Mindful, resourceful, compassionate therapy
We have many identities through life: partner/spouse, parent, child, sibling, worker, friend, cousin - the list goes on.
All and any of the stresses we encounter can lead to issues in our own mind and heart and outwards with our significant others.
And 'life happens';
Compassionately connecting to understanding leads to change.
Most times, adults 'get on with' life, and so when they decide to take some counselling or therapy sessions, as an individual or in couples counselling, they often have a mixture of several issues. Part of the initial assessment session is to help you decide which things to tackle, and in which order.
As a relational counsellor I work with any and all relationships. Your relationship to yourself - maybe you have a tough inner critic, put your self down a lot, lose confidence and resilience easily? Working to enhance your self esteem can give you a new perspective. Maybe your childhood was strained and you are still hurting from confusing or hurtful behaviours in your family?
Maybe you're unsure how to have positive relationships? Maybe you need to find yourself again after a relationship has ended? Finding your core values and how you express them to live your best life, no matter what else you are coping with, gives a positive focus to life and encourages a moving-forward-can-do-this attitude, and this can be reflected in a coaching style of work rather than a deeper therapy style - it doesn't have to be deep and painful to want to move to brighter days. Equally, deeper work doesn't always take a long time.
Are you in a relationship with a significant other? Sometimes only an 'MOT' coaching style of therapy is needed. If the issues are deeper then we can work more slowly to address self esteem in relationships. Are you experiencing conflict, betrayal, boredom, a loss of interest in sex, need to re-focus? Therapy with a sexual focus can find and change deep seated attitudes that 'ordinary' talking may take a long time to find.
Maybe you have children and are too tired and exhausted to pay attention to each other? Forward looking counselling can help you to refocus on the relationship. Maybe one or both have been coping with illness, redundancy, working away, bereavement?
Maybe Covid-19 claustrophobia strained all your relationships, at work, at home, with your wider family? Or the unthinkable happened and Covid took away loved ones or your own health?
The quality of the relationship we make together is really important. In the first session my work is to connect to you and your issues - my belief is that life issues happen to us all, its not about who or what is right or wrong, gaining understanding and resolving conflict helps everyone recover from stresses.
Acceptance and Commitment Therapy is a form of psychotherapy and a branch of behaviour therapy from the same family as CBT. It is an empirically based psychological intervention that uses acceptance and mindfulness strategies mixed in different ways with commitment and behaviour-change strategies, to increase psychological flexibility. I use elements of this therapy in most of my work; as a whole scheme of work it's particular goal is to enable an acceptance of the hardships we find in life to improve the overall quality of life, remove negative thinking or ruminating, choose a direction and implement mindful strategies to get there.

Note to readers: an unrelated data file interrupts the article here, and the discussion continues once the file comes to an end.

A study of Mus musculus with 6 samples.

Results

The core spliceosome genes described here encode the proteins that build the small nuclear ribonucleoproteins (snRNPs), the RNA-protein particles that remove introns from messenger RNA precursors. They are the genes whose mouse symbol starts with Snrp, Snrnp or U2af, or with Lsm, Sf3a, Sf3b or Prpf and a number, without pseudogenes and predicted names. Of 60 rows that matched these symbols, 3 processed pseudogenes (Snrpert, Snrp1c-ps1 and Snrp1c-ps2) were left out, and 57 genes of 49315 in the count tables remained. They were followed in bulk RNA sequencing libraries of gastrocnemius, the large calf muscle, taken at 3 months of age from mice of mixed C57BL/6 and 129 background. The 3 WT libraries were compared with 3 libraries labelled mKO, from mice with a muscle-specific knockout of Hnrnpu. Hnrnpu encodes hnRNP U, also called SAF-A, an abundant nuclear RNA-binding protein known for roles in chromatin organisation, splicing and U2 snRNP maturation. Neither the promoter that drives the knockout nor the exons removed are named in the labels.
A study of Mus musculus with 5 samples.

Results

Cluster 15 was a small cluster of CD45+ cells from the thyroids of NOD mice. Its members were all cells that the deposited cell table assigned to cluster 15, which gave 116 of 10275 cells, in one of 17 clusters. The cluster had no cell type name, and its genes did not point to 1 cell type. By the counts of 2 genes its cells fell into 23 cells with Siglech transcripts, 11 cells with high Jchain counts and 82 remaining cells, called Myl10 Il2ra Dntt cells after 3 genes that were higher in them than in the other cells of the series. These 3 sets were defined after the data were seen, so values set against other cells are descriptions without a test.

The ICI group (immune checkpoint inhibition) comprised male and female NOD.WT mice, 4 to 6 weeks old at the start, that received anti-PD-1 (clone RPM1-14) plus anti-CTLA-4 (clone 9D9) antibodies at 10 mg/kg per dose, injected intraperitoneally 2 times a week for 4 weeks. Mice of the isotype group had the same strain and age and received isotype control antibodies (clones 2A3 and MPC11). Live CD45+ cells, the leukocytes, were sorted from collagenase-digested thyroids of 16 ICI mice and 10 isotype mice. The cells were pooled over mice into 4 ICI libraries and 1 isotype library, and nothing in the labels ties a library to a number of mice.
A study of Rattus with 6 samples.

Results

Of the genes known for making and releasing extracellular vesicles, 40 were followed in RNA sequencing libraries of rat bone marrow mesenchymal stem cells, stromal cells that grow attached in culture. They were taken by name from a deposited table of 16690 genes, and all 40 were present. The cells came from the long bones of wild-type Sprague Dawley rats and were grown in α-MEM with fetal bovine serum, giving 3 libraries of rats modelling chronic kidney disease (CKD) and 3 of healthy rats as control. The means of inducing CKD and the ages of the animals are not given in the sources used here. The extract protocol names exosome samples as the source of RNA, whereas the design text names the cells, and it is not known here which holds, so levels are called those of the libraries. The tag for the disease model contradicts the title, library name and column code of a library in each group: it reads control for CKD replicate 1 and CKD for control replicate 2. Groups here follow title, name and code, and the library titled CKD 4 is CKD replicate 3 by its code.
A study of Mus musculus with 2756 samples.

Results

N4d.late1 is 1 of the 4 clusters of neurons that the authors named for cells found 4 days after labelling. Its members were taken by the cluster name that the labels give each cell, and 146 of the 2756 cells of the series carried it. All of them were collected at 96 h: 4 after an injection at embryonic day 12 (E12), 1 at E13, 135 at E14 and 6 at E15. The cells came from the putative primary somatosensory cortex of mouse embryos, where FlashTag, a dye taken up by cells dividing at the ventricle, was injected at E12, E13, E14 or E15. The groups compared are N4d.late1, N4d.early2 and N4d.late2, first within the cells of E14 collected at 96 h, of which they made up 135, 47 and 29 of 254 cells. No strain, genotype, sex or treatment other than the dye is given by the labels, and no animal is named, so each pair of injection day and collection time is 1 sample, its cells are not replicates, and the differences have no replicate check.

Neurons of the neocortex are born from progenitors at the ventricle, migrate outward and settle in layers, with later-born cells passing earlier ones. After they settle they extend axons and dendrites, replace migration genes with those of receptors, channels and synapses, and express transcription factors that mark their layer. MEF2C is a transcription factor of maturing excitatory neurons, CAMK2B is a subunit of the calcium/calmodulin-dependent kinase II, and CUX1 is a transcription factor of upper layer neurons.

I often accept referrals from an expert in sex addiction, to help partners process and understand what is happening and how they might respond to their significant other who is taking addiction therapy, so if you have struggles in this area I can help you to regain your sense of self in a shifting world - this requires a commitment to a series of sessions.
When should I/We start counselling?
When you recognise emotional pain that doesn't go away.
Most adults are really good at soldiering on, thinking that things will get better, if only it was summer, or just get Christmas out of the way and stress will ease. These may be true. If your happiness in life doesn't change in the timescale you decided it might, then working with a relational counsellor can prevent things getting worse.
Taking the time to work through difficulties and restore joy and harmony to the relationship, or find amicable ways to part company (especially important if children are involved) is a worthwhile use of your time in pursuit of recovery, brighter days.
I am a trauma-informed counsellor and have substantial training and experience in working with trauma responses to both childhood and adult events.
I work with individuals, couples and families, everyone needs to be over the age of 16.
I accept people of all identities and orientations, all races and all faiths.
My office is on the second floor, there is a lift and there is a disabled toilet; however I can only see people who can be ambulant in a fire, the building does not provide an evac chair.